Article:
Kilik Screens Foxcatcher for Students, Visits Classes
- By Amanda Kenyon Waite
This week, award-winning indie producer and alumnus Jon Kilik brought his new film, a movie eight years in the making, to UVM for its Vermont debut. Students were treated to two Tuesday night screenings of Foxcatcher — a film that’s already generating Oscar buzz for the performances delivered by Channing Tatum, Mark Ruffalo, and especially Steve Carell, who steps outside his comedic wheelhouse for the role.
Exploring ambition, obsession, jealousy and loneliness, Foxcatcher tells the true story of Mark and Dave Schultz (Tatum and Ruffalo), Olympic gold medal wrestlers, whose lives were changed when millionaire wrestling enthusiast John du Pont (Carell), a troubled member of the elite family, sponsored Mark’s drive to remain best in the world. The complicated relationships among the three ended in tragedy in 1996, when du Pont shot and killed Dave on the du Pont family estate, Foxcatcher Farm.
The movie, Kilik told students in a Q&A after the film, is really about an “American tragedy, a broken American dream.” It tackles issues of class, wealth and power, but ultimately tells a complex story of humanity, a common thread for all of the movies Kilik has produced throughout his career, titles that include Do the Right Thing, Malcolm X, Dead Man Walking, Babel, Biutiful, and The Hunger Games films, among others. “We're not here to preach,” Kilik told students. “Art doesn't do that. But it does hold up a mirror to us and to society.”
Following the 6 p.m. screening, Kilik asked for not only questions from students, but also comments and their reactions to the film, which has only been screened for select audiences to date. One student commented on the physicality of the movie, about how so much is communicated not through dialogue but through touch. Adding on to that theme, another student talked about the film’s sound design and the choices made about when to allow the audience to hear a conversation and when to conceal the words exchanged.
Kilik, noting that those reactions were among the first shared after the film’s Cannes debut, described the movie as “a fragile film, told with a lot of silence.” That’s one of the reasons so much time was taken when creating it: the filmmakers wanted to get the editing right.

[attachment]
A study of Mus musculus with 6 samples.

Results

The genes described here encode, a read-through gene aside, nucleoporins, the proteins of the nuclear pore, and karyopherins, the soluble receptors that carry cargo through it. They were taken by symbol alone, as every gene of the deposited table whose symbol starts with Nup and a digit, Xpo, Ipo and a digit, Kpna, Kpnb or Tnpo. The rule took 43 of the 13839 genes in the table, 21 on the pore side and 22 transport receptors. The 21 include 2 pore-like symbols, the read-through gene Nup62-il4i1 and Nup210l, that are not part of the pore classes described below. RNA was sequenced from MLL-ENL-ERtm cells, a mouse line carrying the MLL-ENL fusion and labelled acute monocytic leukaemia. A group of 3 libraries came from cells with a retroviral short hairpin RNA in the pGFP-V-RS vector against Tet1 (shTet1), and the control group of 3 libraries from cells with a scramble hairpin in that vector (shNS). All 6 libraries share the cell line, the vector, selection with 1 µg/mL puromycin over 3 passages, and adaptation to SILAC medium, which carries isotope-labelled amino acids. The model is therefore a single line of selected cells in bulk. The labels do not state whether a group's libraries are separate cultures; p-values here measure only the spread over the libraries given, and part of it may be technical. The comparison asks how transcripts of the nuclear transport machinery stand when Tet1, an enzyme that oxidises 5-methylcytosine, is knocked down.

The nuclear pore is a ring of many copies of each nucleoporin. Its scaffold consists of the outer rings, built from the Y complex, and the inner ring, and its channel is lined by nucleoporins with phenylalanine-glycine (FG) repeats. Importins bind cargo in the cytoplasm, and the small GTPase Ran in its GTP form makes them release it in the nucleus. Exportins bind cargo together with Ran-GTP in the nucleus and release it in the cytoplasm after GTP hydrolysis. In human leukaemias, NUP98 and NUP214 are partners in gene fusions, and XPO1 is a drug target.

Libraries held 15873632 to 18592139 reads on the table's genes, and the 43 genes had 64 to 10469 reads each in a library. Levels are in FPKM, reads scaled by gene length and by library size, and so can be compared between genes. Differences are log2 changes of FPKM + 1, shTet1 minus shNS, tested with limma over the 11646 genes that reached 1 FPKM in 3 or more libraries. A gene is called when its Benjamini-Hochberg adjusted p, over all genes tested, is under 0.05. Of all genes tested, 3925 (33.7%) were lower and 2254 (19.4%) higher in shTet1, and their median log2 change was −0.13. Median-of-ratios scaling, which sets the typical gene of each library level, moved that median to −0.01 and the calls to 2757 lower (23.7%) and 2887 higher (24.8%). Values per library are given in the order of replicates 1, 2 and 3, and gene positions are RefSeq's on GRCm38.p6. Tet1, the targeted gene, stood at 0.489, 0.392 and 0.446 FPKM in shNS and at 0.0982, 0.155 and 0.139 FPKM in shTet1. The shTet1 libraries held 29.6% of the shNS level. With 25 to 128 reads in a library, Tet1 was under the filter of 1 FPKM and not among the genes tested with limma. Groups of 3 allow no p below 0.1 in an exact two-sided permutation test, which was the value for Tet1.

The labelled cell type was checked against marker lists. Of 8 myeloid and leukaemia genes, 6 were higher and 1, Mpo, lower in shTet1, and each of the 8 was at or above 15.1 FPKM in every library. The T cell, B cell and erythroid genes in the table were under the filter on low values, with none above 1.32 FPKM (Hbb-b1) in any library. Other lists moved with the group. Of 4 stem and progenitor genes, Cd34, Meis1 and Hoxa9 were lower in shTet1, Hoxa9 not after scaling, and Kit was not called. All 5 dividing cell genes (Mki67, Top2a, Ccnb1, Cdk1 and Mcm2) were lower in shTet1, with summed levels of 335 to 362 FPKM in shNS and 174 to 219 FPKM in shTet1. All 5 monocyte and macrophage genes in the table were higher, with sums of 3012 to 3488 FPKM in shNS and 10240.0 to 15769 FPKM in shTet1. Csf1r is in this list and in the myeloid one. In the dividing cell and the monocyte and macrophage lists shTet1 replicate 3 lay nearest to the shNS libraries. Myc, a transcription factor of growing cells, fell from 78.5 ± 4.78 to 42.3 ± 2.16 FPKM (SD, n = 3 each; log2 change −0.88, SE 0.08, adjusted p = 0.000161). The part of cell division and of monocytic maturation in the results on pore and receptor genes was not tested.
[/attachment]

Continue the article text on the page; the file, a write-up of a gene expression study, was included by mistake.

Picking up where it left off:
Another reason for its eight-year production time: unlike The Hunger Games series, which is based on the books by Suzanne Collins, no book or screenplay yet existed when Kilik and director Bennett Miller (Capote, Moneyball) began creating Foxcatcher. They teamed up with writers E. Max Frye and Dan Futterman to tell the story from scratch.
When it came time for questions, the always popular “What does a producer do anyway?” question was posed.
“Making a movie isn't like playing a song or making a painting,” Kilik said. “It's a pretty big endeavor. You don't do it alone if you're a director or a writer.” Among the many logistics that are within the purview of the producer, Kilik says that early in the process his job is to be “the director’s first audience, to tell him he’s not crazy,” and to make sure that the integrity of those ideas are protected throughout the film’s creation.
This visit was one of many that Kilik, a member of the Class of 1978, has made to his alma mater to screen and talk about his work with students. He credits visits from filmmakers to his UVM classes for sparking an interest in the profession. "If I could be that to one student, that's a big deal to me," he says.
Before the evening screenings, Kilik did just that: he spent the day visiting classes, including Professor Hilary Neroni’s “Development of Motion Pictures” class, where he took students through his journey, from shooting Super 8 films on North Street in Burlington, to working with Spike Lee, to the unexpected success of The Hunger Games (Kilik signed on to the project before the books where popular). “It all started here,” Kilik said from the front of the Waterman classroom, wearing his UVM cap. “And it’s still the same process: trying to create something out of nothing.”